Ulutho Legal Unit
The Legal Unit is managed by Russell Linde who has practiced as an attorney for 33 years and has worked with OVC (Orphan and Vulnerable Children) for nearly as long. He has been a safety dad, a foster dad and is an adoptive dad. He and his family also offered regular respite care for OVC.
Human Rights Day 2019
See Russel speak about the rights of children in South Africa
Russell Linde shares his experience and research into Legal Support for OVC with us:
“The work of the Ulutho OVC Program led us to realize that the legal rights of OVCs (Orphans and Vulnerable Children) were often overlooked. Already vulnerable children were being traumatised by a system that found it difficult to implement the protection that was found in the Children’s Act 38 of 2005. When researched, it was discovered that there was little, if any, easily accessible legal support available for those caring for or working with these children. The fact that certain sections of the Children’s Act were only implemented in 2010 showed us that:
- It was open to interpretation e.g. social workers and Magistrates sometimes had conflicting understandings of the Act.
- It made professionals nervous to take bold steps e.g. where it should have been argued for adoption, the child was left in foster care as this was the easier option.
- There was not enough training on the Act especially in outlying areas and some professionals simply chose to ignore the Children’s Act e.g. in the eyes of some social workers the mothers rights often superseded the children’s rights notwithstanding that the child was in need of care.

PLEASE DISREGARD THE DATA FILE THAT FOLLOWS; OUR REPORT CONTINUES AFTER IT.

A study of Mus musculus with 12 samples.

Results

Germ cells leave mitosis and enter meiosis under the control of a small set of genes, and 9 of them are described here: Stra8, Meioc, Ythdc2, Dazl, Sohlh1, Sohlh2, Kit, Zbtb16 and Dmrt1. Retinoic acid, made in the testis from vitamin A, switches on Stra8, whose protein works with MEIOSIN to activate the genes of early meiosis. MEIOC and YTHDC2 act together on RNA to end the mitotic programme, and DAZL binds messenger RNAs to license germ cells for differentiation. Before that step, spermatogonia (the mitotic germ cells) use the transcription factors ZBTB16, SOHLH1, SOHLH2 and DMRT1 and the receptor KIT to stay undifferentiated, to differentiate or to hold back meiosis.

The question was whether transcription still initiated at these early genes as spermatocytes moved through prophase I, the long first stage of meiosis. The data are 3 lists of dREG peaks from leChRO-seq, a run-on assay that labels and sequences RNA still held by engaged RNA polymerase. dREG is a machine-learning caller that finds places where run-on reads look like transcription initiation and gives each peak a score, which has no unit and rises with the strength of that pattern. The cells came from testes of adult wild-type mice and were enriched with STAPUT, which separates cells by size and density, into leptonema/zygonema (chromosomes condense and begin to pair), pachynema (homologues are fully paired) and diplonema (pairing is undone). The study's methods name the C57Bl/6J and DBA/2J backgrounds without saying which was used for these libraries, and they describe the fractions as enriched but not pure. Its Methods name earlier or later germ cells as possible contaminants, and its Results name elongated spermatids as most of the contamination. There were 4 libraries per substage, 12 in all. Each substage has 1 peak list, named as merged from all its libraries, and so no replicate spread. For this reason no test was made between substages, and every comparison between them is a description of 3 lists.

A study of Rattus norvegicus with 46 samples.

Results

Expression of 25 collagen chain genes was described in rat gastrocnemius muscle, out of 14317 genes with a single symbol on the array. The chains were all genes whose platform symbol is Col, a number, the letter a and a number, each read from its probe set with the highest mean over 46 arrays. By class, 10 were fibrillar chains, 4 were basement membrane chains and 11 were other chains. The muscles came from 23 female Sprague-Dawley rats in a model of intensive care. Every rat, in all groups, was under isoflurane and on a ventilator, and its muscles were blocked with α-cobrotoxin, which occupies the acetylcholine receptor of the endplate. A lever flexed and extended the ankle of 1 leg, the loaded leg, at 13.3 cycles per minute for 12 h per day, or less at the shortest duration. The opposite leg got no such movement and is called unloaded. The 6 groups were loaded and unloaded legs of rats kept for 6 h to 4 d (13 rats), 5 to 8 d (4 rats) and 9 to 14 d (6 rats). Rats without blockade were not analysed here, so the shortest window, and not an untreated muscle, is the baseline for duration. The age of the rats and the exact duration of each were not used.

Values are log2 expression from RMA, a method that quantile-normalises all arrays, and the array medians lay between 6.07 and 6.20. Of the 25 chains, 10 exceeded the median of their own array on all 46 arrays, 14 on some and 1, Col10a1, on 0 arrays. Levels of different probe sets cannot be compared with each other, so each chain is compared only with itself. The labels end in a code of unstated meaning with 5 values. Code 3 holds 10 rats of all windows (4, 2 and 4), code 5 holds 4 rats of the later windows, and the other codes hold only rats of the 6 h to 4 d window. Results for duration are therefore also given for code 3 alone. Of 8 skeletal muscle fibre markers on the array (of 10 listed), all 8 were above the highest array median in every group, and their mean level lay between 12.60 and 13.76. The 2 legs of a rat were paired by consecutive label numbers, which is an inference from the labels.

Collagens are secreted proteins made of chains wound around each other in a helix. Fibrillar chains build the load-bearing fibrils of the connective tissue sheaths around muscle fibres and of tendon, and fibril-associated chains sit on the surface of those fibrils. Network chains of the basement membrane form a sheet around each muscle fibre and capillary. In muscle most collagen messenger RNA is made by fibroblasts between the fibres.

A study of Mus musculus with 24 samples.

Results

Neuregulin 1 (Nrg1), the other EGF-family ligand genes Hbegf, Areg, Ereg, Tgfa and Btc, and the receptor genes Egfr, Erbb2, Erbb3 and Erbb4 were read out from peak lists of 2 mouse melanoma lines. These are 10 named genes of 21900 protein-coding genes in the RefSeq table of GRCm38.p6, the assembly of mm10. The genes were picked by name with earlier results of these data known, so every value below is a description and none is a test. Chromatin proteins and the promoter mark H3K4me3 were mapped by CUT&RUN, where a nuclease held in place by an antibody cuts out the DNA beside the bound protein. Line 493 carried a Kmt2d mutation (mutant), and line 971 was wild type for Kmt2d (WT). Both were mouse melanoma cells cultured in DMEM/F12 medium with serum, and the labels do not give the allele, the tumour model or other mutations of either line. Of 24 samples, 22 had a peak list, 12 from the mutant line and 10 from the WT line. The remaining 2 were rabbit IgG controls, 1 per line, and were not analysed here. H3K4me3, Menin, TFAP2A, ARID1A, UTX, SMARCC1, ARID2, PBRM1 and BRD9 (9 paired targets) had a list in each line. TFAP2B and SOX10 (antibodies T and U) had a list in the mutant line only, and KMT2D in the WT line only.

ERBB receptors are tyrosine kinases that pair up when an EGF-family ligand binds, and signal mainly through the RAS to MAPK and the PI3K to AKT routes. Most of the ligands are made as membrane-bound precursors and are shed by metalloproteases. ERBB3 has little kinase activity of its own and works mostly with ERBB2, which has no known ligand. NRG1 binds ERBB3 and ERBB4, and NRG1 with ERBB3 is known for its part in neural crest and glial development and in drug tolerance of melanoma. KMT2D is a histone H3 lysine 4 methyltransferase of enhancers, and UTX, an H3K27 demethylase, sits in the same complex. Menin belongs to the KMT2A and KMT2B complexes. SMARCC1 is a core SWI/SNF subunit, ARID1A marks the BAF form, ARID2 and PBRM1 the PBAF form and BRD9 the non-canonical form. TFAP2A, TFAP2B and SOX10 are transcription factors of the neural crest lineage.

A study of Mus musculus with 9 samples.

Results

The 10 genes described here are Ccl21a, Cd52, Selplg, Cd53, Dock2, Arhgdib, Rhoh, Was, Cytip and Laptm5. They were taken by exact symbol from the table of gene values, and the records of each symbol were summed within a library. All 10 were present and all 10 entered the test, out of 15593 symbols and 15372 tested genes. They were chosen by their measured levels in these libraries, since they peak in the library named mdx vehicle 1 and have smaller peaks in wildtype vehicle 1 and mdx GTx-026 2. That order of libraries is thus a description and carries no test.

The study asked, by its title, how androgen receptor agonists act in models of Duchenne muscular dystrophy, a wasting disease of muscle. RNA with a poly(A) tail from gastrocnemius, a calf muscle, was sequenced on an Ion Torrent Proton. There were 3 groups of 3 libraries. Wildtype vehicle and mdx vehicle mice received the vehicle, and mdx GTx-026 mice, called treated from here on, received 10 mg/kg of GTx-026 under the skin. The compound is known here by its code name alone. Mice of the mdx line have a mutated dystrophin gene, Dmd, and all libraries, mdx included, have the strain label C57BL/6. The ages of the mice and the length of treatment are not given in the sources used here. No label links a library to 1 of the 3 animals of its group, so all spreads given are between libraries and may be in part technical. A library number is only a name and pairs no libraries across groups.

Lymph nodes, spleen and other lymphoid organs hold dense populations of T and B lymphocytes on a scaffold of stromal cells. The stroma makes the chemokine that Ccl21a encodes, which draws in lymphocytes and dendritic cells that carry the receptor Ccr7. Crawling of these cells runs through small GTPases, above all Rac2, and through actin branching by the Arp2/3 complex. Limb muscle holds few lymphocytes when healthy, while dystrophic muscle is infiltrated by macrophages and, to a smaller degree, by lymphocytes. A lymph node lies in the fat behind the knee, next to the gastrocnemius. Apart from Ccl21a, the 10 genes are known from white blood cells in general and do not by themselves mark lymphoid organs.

- Lack of resources required to implement this Act resulted in unnecessary delays e.g. court process.
- There was often insufficient accountability on behalf of those that made decisions about the welfare of a child.
- Private legal challenge was too expensive and many of the legal fraternity, that might offer pro bona support, had not kept abreast with this specific area of the law.
The aim of the Ulutho Legal Unit is to provide advice, training and advocacy.
- Advice would incorporate accepting cases for individual children whose rights were not protected (eg.conducting trials on their behalf) and to provide legal advice to NGO’s/ NPO’s working with or caring for these children.
- Training would include accredited 2 day training for social workers on the Children’s Act. It would also entail work-shops/ discussion groups for all stakeholders (Police and Magistrate Court officials) on portions of the Children’s Act.
- Advocacy would include lobbying Provincial and National Government Departments to highlight the legal issues confronting OVC’s and the need for greater support. It would also include facilitation between different stakeholders and especially between Justice Department and Social Welfare in order to foster liaison for improved working relationships and to help overcome delays in the system.